Ely Pesto Lasagne This month’s major culinary highlight is unquestionably the Taste of Dublin festival (11-14 June 09), held again this year at the lovely Iveagh Gardens on the south side of St Stephen’s Green; there is no lovelier place to be in fine weather – and how it has grown.

What began modestly as a huddle of stalls at Dublin Castle a few years ago has developed into Dublin’s (perhaps Ireland’s) premier food and drink festival, with masses to interest and entertain anyone with so much as a passing interest in good food, wine and hospitality.

The original concept – tastings from leading restaurants for ticket holders – is still at the heart of it, and Dublin’s best is well-represented by a cross-section of establishments including the modern classics (Chapter One, L'Ecrivain, Bang Café), great bistro and gastropub style food (Roly’s Bistro, Ely), ethnics (China Sichuan, Jaipur), other speciality restaurants such as the King Sitric (seafood), and many others.
 
But, delicious as the tastings are sure to be (especially when washed down with a cooling glass from one of the many wine companies represented…), there’s much more to the event than that, with a huge amount going on all the time, including chef demos from a host of famous names such as Darina and Rachel Allen, Neven Maguire, Dylan McGrath, Oliver Dunne, Kevin Thornton and Antony Worrall Thompson, over a hundred artisan producers showcasing their products – and, of course, our own new dining and lifestyle club, The G Club by Georgina Campbell Guides. 

Definitely the place to be over the second weekend of June.

As a taster, why not try some recipes from some of the chefs and restaurants taking part? Emphatically not the ‘restaurant’ dishes they are likely to be offering at the event, these are straightforward seasonal recipes for cooking at home which have been given to me at various times over the years or appear in their books.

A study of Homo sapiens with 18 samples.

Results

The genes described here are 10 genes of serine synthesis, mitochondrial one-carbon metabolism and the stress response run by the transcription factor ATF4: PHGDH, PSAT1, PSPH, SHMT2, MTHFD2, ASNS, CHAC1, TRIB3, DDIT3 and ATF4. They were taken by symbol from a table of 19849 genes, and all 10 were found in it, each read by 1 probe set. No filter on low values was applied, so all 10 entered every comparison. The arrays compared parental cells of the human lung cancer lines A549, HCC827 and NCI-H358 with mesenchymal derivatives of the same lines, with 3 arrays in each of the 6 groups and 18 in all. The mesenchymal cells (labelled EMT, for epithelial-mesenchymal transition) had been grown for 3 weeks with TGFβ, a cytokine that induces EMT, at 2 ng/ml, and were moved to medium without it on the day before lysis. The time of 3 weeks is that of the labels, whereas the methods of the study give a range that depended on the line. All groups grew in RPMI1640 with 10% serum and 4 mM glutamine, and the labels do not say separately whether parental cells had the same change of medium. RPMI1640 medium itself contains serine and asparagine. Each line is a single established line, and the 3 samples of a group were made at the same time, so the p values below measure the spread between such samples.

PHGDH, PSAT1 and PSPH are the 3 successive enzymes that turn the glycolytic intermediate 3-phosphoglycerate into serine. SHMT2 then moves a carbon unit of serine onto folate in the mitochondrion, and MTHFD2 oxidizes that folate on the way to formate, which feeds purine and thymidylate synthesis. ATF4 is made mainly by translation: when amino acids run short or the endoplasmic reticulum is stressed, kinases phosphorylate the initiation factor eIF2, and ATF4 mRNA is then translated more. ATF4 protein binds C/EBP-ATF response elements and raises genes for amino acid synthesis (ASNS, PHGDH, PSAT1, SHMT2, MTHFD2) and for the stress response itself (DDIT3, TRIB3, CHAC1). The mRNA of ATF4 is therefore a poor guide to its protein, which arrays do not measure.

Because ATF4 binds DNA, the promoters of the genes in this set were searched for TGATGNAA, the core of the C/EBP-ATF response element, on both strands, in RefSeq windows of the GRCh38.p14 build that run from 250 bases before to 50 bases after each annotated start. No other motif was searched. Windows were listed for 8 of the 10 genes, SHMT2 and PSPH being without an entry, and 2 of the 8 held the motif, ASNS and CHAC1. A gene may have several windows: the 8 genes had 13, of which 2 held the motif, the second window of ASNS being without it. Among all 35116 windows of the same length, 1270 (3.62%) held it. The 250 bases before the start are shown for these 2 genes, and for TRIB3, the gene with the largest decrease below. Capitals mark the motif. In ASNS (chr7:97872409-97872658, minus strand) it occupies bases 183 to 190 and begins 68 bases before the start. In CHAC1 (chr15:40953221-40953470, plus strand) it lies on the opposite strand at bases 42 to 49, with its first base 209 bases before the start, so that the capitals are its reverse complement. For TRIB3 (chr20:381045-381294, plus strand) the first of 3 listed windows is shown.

Melon & Raspberries with Cinnamon Jelly and Fresh BasilMelon & Raspberries with Cinnamon Jelly and Fresh Basil


This pretty dish is one of those wonderfully versatile recipes that can be served as a starter or makes a refreshing way to round off a meal. It was given to me by Ross Lewis of  Chapter One Restaurant and, while the port & cinnamon jelly would be extravagant for home use unless it’s a special occasion, the same principle could be applied using a less expensive wine - or fruit juice could be used instead, or you could simply omit the jelly. Wrap any unused jelly in clingfilm and store in the fridge for up 2 weeks.

Click here for recipe



Brochettes of Chicken, Mango & Red OnionBrochettes of Chicken, Mango & Red Onion

Also originating from Ross Lewis of Chapter One Restaurant, this is another straightforward recipe for the home cook. Ideal for summer, it can be char-grilled in the kitchen or cooked on the barbecue. The barbecue sauce keeps well and this recipe makes a good quantity – use as much as you need for the brochettes and store the remainder in a screw-top jar in the fridge, to use as required.  


Aidan MacManus of the King Sitric Fish Restaurant in Howth, County Dublin is one of the most experienced fish chefs in the country, and this dish – which is taken from the book From Tide To Table, published recently with the support of BIM - is typical of the food served at his striking harbourside establishment, and will be a lovely dish to enjoy through the summer as the ratatouille ingredients come into season. The amount of curry powder in the butter can be adjusted if the flavour proves too strong for family tastes.


This pretty salad is adapted from a recipe in ‘Roly’s Bistro – The Restaurant And Its Food’ (Gill & Macmillan) and, if you grow your own vegetables, this is just the dish for some of your early salads and the thinnings from your leek crop, which can be used instead of buying expensive baby leeks.

At the restaurant, quail and quail eggs would be used, but home cooks can adapt it to use more everyday ingredients – chicken breast and chicken eggs will be just fine.